The ’90s were a golden age for music moguls, what with the soaring sales of CD albums, until Napster’s peer-to-peer (P2P) file-sharing software upended the industry by effectively allowing the world to enjoy music for free. In hindsight, Napster could be seen as a pioneer that began a revolution which eventually led to the music streaming industry that we have today. Now, music might be in need of another tech disruption in the form of blockchain.
When Napster was introduced to the market back in 1999, it opened a Pandora’s box which led to a host of legal issues arising from rampant copyright infringement in the use of its P2P sharing software. Almost 20 years down the road, these issues linger on, as reflected in a lawsuit filed against music streaming giant Spotify for allegedly infringing on the rights of songwriters represented by Wixen Music Publishing. The lawsuit was eventually settled in December 2018 for an undisclosed sum.
Other than copyright infringement, another longstanding issue faced by the music industry is the tendency of artists to end up getting short-changed. The most extreme example is perhaps that of South African musician, singer, and composer Solomon Linda, who was paid a mere 10 shillings for his song “Mbube,” the original version of the 1961 hit song, “The Lion Sleeps Tonight”.
As recently as 2017, a study by Citigroup found that only 12% of the revenue generated by the music industry that year trickled down to the artists. With this in mind, let’s explore how blockchain may be used to turn the tables.
The music industry has a major money problem in the form of its ‘royalty black box’, which is holding about US$2.5 billion in uncollected royalties. The colossal amount of uncollected royalties stems from the lack of interoperability between the databases of the various industry players, including record companies, publishers, and streaming service providers. Coupled with the complexity of modern day music distribution networks, it is difficult to trace the rightful owner of a royalty check, resulting in this perplexing state of affairs. Blockchain, with its decentralized and automated ledger system, can bring some much-needed structural changes to the royalty payment system of the music industry.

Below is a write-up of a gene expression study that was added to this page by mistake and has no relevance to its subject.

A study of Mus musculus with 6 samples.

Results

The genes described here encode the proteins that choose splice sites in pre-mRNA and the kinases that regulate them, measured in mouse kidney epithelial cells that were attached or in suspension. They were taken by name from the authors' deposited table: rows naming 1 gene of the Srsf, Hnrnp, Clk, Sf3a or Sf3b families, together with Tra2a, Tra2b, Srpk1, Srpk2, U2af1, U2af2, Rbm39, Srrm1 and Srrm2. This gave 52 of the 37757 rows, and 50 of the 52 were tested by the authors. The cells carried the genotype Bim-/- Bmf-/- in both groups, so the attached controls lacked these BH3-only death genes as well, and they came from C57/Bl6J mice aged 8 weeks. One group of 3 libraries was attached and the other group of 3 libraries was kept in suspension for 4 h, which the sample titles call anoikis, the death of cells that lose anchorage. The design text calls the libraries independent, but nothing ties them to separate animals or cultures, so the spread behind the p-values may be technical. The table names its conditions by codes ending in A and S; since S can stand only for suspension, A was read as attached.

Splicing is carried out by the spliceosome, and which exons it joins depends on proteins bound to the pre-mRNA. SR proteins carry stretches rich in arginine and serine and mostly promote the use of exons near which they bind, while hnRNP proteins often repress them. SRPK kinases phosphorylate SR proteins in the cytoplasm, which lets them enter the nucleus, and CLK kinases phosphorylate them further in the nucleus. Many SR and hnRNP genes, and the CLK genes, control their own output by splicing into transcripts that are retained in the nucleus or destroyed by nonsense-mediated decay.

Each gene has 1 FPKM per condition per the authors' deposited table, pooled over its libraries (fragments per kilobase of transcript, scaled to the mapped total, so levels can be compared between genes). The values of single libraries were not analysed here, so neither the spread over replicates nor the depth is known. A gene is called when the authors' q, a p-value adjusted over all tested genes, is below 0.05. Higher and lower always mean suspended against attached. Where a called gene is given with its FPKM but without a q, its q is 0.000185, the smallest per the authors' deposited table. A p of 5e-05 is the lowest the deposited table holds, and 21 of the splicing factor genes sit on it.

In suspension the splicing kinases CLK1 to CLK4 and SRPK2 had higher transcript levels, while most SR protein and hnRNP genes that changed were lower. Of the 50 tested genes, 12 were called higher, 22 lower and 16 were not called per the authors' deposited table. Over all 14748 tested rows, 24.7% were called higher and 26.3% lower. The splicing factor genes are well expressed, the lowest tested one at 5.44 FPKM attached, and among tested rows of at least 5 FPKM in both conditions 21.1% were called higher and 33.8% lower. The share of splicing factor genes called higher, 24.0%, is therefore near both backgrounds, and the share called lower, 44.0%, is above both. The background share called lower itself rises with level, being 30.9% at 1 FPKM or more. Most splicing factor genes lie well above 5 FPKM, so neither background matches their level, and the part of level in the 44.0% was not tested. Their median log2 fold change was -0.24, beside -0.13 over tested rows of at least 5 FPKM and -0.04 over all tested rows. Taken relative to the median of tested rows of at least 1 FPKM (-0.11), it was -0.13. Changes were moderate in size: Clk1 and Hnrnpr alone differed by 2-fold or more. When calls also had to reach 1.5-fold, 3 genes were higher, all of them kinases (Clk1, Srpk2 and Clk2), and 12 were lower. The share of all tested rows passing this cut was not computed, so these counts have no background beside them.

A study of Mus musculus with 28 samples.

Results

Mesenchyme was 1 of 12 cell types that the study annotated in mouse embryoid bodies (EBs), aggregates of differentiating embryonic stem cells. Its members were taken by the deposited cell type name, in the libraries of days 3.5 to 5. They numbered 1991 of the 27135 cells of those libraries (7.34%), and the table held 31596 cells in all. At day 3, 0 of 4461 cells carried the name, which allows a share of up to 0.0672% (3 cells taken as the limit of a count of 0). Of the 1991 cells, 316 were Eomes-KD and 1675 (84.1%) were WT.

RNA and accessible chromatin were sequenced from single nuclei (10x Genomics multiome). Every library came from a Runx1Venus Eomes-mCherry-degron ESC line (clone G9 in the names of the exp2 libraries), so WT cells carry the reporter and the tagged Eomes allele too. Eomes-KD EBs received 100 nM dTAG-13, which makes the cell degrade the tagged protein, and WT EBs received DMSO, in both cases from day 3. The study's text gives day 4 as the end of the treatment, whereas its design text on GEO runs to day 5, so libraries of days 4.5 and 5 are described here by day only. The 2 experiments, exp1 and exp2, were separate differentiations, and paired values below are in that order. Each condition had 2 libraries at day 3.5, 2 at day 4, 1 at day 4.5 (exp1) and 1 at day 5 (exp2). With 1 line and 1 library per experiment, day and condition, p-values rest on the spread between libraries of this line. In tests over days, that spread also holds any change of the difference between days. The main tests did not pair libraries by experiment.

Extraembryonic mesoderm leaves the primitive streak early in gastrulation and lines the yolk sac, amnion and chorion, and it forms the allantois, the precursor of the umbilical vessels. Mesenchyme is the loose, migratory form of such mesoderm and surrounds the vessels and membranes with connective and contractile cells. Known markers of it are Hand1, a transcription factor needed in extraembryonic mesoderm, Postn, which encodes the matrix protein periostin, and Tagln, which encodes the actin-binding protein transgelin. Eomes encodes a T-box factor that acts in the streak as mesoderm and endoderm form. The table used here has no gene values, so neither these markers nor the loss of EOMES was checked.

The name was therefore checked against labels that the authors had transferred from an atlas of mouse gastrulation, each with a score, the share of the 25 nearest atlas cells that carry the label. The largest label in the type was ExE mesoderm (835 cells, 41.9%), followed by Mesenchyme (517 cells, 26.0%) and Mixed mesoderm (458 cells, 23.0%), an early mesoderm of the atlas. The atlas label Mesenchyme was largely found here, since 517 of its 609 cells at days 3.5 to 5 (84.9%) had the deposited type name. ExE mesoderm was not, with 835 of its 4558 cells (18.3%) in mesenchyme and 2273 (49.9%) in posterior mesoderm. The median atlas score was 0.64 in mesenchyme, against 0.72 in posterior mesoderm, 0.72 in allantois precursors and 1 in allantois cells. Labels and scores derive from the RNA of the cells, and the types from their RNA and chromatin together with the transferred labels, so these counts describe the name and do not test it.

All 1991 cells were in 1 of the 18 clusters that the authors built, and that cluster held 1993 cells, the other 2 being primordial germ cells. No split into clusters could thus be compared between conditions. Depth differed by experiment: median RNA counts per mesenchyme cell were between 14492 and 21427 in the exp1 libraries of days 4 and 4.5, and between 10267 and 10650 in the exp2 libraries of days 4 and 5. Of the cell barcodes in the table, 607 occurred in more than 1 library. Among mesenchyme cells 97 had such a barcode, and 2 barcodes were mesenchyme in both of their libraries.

Besides unpaid royalties, the music industry also has to deal with rampant piracy issues, due in no small part to the ease of content sharing in the digital age. The global non-profit think tank, Institute for Policy Innovation (IPI), estimated that the music industry loses about US$12.5 billion to piracy every year. Blockchain, with its immutability, may prove to be useful for the music industry in its struggle to rid itself of piracy.
The blockchain space’s answer to the woes of musical artists and the ‘royalty black box’ conundrum comes in the form of Mycelia, which aims to use the concept of a ‘big spreadsheet in the sky’ to provide a comprehensive database containing all the information about any particular song in one place, in order to ensure that all contributors receive their fair share.
As for combating music piracy, CustosTech has built a proprietary forensic watermarking technology which uses a unique serial number to detect any unauthorized sharing of audio files. Bounty hunters who uncover any element of piracy will be rewarded in the form of Bitcoins embedded in the encoding of the illegally-shared file.
Lastly, MusicLife aims to limit piracy while enhancing the income of artists through a blockchain-based music ecosystem. The MusicLife platform allows artists to share their songs in return for income as determined based on the popularity of the songs.
These problems plaguing the music industry are so old, so widespread, that hearing about them has become a common refrain. However, blockchain may be just the tool to fix this broken record and bring the industry back into harmony.